Stats South Africa (StatsSA) today released its South Africa Demographic and Health Survey (SADHS) 2016 Key Indicator Report, revealing the state of health and healthcare in the country and how locals take care of their bodies.
Data from the report was gathered from a survey conducted by StatsSA last year and among the data, a snapshot of smoking and drinking between women and men of different demographics is provided.
An underlying denominator among smokers and drinkers is that both women of higher financial status and with higher levels of education, smoke and drink more than those less wealthier and educated.
The overall findings reveal that less South Africans are smoking compared to two decades ago.
“The percentage of women and men age 15 and older who smoke tobacco has decreased since 1998; 11% of women and 42% of men smoked tobacco in 1998 compared with 7% of women and 37% of men in 2016,” the report states.
According to SADHS, 7% of women age 15 and older currently smoke tobacco products, mostly cigarettes. Coloured and white women have a much higher prevalence of cigarette smoking (38% and 15%, respectively) than black/African and Indian/Asian women (3% each)
The prevalence of cigarette smoking among women is much higher in urban areas than in non-urban areas (9% versus 2%) and varies dramatically by province, ranging from highs of 25% in Western Cape and 18% in Northern Cape to lows of 1% in Limpopo and 2% in KwaZulu-Natal.
The prevalence of among men is five times higher than among women, with 37% of men age 15 and older report that they currently smoke, 36% reporting they smoke cigarettes.
The habit is common across all background characteristics, regardless of education or wealth quintile. The prevalence of cigarette smoking is higher in urban areas than in non-urban areas (39% and 31%, respectively). By province, cigarette smoking by men is highest in Northern Cape (44%) and lowest in Limpopo (25%).
Alcohol consumption and risky drinking
One in four women (26%) age 15 and older reported having ever drunk alcohol. Five percent of women report risky drinking; that is, they drank five or more standard measures of alcohol on a single occasion in the past 30 days. Three percent of women reported signs of problem drinking as assessed by the CAGE test.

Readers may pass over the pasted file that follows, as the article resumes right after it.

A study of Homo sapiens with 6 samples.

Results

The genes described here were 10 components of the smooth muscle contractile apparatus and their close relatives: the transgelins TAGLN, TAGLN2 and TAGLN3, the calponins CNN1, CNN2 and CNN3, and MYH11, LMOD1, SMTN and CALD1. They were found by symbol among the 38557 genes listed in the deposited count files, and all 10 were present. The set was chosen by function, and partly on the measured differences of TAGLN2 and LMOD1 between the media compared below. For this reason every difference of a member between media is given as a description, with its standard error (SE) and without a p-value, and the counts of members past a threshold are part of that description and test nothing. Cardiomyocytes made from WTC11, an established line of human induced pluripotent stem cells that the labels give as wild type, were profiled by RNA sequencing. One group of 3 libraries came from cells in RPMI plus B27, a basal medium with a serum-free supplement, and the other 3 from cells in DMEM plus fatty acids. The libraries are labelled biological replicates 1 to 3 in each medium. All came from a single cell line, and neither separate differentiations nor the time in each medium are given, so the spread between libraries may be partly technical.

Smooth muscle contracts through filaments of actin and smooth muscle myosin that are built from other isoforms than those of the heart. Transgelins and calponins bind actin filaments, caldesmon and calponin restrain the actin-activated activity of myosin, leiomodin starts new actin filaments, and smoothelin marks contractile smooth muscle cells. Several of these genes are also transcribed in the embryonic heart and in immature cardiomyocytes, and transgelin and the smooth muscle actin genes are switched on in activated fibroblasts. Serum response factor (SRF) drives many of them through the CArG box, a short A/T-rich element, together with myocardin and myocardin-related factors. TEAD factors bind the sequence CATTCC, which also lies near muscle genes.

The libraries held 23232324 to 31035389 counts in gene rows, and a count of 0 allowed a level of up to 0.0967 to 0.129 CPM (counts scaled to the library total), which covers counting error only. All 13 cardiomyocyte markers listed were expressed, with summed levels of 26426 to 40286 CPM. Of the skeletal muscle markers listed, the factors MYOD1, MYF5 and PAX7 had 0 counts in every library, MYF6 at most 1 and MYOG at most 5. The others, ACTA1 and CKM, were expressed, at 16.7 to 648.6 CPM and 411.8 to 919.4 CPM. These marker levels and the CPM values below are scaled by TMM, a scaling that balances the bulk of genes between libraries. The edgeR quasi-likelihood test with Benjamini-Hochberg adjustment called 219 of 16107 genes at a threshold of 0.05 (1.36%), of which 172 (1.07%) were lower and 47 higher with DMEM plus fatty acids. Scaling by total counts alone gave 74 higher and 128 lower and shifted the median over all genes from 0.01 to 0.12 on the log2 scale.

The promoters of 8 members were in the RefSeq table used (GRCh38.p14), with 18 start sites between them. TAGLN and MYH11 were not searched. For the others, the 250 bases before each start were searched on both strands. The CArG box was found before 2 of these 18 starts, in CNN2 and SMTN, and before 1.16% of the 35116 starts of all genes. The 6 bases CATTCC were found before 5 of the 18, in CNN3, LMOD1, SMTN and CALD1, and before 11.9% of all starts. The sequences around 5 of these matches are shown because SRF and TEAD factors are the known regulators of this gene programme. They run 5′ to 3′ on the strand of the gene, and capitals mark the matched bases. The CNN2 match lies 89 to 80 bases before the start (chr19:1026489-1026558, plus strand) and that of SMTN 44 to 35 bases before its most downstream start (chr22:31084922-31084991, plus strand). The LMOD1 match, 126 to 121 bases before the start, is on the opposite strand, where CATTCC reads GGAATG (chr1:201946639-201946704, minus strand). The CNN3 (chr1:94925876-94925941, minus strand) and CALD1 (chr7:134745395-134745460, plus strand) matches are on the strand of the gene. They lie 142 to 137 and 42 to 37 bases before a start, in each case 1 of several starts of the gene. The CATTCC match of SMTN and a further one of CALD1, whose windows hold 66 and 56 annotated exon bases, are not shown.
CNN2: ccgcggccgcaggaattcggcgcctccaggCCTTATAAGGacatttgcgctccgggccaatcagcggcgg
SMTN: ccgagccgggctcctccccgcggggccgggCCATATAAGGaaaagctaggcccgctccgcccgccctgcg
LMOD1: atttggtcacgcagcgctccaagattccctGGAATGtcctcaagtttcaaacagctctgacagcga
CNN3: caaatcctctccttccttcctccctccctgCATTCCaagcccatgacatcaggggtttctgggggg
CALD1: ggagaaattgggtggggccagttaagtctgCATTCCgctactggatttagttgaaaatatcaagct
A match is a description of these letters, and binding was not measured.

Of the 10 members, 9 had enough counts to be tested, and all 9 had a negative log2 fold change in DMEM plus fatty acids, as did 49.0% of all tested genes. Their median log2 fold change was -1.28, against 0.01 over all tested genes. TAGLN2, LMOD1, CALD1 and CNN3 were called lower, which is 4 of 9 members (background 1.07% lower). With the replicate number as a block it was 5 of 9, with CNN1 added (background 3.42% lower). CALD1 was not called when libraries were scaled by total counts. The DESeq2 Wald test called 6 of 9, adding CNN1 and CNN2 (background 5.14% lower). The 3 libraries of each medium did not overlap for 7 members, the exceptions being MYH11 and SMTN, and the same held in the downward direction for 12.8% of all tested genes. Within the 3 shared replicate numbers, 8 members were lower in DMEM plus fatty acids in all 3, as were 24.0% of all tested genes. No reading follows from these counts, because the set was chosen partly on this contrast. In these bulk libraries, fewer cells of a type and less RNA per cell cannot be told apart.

By age, risky drinking among women was most common in the 20-24 year age group (9%) and lowest among women age 15-19 and 65 and older (2% each). Risky drinking is more common in urban areas than in non-urban (6% compared with 3%). Marked variation in risky drinking is reported by province; risky drinking is highest in Northern Cape (11%), Western Cape (9%), and North West (9%), and lowest in KwaZulu-Natal (1%) and Limpopo (2%)
Six in 10 men (61%) age 15 and older have ever drunk alcohol and over one-quarter of men (28%) exhibit risky drinking behaviour because they drank five or more standard measures of alcohol on a single occasion in the past 30 days. One in six men (16%) reported signs of problem drinking using the CAGE test.
White, coloured, and black/African men were similarly likely to report risky drinking in the past 30 days (26%-28%). Alcohol consumption was less common among Indian/Asian men; 13% reported drinking alcohol in the past 7 days, and 6% reported risky drinking.
Risky drinking among men rises rapidly by age, increasing from 12% of men age 15-19 to 31% of men age 20-24 and 36% of men age 25-34, before gradually declining. Risky drinking was higher among men in urban areas than in non-urban areas (29% versus 24%). By province, risky drinking was highest in Gauteng (35%). Notably, however, risky drinking is pervasive across all provinces, education levels, and wealth quintiles.